Surprise, surprise! A new report from the National Center for Health Statistics at the Centers for Disease Control and Prevention has found that women in every single age group are much more likely than men to suffer from serious psychological distress (SPD). So, the weight of systemic oppression is actually having effects on our brain chemistry, who would have even thought that was possible?
The study also found that SPD puts people at greater risk for a number of medical conditions including chronic obstructive pulmonary disease (COPD) and heart disease.
The study does not offer much insight into why women suffer significantly more than men. "As I'm sure you are aware, we see this in major depression as well, but I don't know that anyone has ever come up with a definitive answer of why that is," said Laura Pratt, an epidemiologist and one of the study's authors in an interview with the Washington Post.
Still, the data is even more alarming when coupled with the fact that suicide has become the leading killer of teenage girls aged 15 to 19 worldwide.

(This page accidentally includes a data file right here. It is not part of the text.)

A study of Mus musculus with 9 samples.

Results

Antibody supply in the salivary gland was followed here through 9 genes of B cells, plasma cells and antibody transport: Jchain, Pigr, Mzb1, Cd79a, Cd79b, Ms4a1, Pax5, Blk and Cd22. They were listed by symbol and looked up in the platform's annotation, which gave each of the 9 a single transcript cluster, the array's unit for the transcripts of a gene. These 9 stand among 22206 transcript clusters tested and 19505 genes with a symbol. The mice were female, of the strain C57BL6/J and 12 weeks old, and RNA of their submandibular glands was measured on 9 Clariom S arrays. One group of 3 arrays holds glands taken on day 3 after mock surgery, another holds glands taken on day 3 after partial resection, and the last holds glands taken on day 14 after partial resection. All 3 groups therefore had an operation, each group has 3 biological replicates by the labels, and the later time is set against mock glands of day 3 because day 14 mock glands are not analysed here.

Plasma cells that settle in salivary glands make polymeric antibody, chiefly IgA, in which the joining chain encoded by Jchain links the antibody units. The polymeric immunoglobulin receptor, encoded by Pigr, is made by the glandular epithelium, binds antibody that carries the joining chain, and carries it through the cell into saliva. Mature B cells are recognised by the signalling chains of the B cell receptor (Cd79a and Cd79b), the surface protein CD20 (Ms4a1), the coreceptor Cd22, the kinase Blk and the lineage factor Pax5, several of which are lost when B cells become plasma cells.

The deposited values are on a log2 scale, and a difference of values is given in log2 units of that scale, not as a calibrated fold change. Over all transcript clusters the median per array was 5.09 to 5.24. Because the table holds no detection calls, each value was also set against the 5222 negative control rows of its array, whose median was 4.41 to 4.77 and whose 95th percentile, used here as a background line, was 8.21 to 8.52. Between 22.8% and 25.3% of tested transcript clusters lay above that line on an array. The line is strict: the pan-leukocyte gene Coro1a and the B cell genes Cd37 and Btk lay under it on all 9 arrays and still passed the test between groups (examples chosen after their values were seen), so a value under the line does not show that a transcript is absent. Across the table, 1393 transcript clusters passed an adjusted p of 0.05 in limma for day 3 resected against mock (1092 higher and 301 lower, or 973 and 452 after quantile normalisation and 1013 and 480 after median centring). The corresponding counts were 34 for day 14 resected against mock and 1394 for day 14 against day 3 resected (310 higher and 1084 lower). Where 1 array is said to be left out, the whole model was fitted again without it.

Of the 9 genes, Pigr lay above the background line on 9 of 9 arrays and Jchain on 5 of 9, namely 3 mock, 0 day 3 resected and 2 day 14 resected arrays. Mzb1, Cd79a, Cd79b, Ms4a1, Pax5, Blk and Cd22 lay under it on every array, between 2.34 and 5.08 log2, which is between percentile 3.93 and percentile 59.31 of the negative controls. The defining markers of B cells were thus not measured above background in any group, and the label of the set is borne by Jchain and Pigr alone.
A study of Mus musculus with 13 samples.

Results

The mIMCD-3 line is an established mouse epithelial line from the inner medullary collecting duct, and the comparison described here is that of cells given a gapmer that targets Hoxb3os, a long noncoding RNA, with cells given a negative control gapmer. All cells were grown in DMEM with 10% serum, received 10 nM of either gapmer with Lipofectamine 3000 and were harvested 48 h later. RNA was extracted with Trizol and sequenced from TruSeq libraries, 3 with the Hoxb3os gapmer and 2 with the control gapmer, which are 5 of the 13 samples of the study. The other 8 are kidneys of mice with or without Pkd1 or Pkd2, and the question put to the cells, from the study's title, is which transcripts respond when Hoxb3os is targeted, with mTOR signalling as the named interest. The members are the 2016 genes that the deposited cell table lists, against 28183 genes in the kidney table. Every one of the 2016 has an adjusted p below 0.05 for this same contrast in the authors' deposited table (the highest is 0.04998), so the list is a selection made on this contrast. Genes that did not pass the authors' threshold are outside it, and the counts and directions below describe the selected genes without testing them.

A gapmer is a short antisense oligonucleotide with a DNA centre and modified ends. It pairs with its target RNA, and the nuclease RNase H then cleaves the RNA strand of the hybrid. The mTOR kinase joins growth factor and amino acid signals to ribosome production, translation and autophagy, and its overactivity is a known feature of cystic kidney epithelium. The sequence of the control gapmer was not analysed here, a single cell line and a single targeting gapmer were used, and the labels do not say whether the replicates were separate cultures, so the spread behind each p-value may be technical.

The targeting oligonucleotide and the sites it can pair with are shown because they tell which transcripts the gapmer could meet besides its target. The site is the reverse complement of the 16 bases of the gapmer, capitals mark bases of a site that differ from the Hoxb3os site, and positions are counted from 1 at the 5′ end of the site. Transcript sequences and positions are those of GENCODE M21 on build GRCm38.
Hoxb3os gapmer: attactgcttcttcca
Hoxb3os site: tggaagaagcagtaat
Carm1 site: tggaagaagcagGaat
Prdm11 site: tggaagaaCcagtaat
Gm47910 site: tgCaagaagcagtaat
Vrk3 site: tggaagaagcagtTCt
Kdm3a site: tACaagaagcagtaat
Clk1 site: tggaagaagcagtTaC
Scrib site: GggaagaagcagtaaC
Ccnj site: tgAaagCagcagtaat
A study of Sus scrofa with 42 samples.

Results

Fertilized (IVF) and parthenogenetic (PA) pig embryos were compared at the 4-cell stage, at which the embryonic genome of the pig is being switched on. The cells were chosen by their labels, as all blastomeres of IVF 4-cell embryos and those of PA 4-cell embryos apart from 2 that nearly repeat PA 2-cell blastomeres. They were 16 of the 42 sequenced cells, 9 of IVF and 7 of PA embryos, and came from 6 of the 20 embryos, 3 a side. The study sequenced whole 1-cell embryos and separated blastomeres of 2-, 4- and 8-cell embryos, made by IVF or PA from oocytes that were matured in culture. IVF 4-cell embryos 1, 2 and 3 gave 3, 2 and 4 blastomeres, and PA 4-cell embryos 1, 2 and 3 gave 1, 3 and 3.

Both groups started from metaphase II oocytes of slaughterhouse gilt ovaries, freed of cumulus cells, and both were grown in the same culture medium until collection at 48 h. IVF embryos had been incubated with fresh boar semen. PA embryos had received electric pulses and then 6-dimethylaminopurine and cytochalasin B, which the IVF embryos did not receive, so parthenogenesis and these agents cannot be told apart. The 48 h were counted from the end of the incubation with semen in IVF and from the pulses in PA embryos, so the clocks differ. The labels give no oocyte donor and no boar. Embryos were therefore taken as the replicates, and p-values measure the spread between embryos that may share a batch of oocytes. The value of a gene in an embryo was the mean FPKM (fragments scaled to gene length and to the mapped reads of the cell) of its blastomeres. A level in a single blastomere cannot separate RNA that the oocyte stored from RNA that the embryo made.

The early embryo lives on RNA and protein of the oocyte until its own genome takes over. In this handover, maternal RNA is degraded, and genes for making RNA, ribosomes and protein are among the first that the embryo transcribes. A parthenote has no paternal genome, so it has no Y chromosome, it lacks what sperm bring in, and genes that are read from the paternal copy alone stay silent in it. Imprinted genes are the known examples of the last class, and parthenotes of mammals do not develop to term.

Dr. Suzanne Petroni, senior director for gender, population and development at the International Center for Research on Women, was the first to put the data together, reports The Guardian's Jessica Valenti.
"It was clear that from at least 2000, [suicide] was a leading cause of death in this age group," Petroni told Valenti, noting that suicide only recently overtook maternal mortality as the top killer of teenage girls. "We need more research and evidence to tell us if it is actually happening for the reason we hypothesize it is -- which is that gender norms and inequality have a significant link for suicide vulnerability." In the U.S., suicide was the second-leading cause of death for girls in the same age group.
The hypothesis would make sense since puberty is around the time where discrimination and oppression starts to kick in. "There's increased violence, child marriage, sexual abuse, exploitation, limitations on reproductive control and girls excluded from education," Petroni explained.
In an interview with The Telegraph, founding director of the Centre for Global Mental Health Vikram Patel echoed Petroni's hypothesis: "The most probably reason is gender discrimination. Young women's lives [in South East Asia] are very different from young men's lives in almost every way."
He noted that women in India are often devastated to learn how limited their life choices are because of their gender.
"Fifty percent of those attempting suicide in China and India do not have mental illness," he continued. "They suffer logical despair."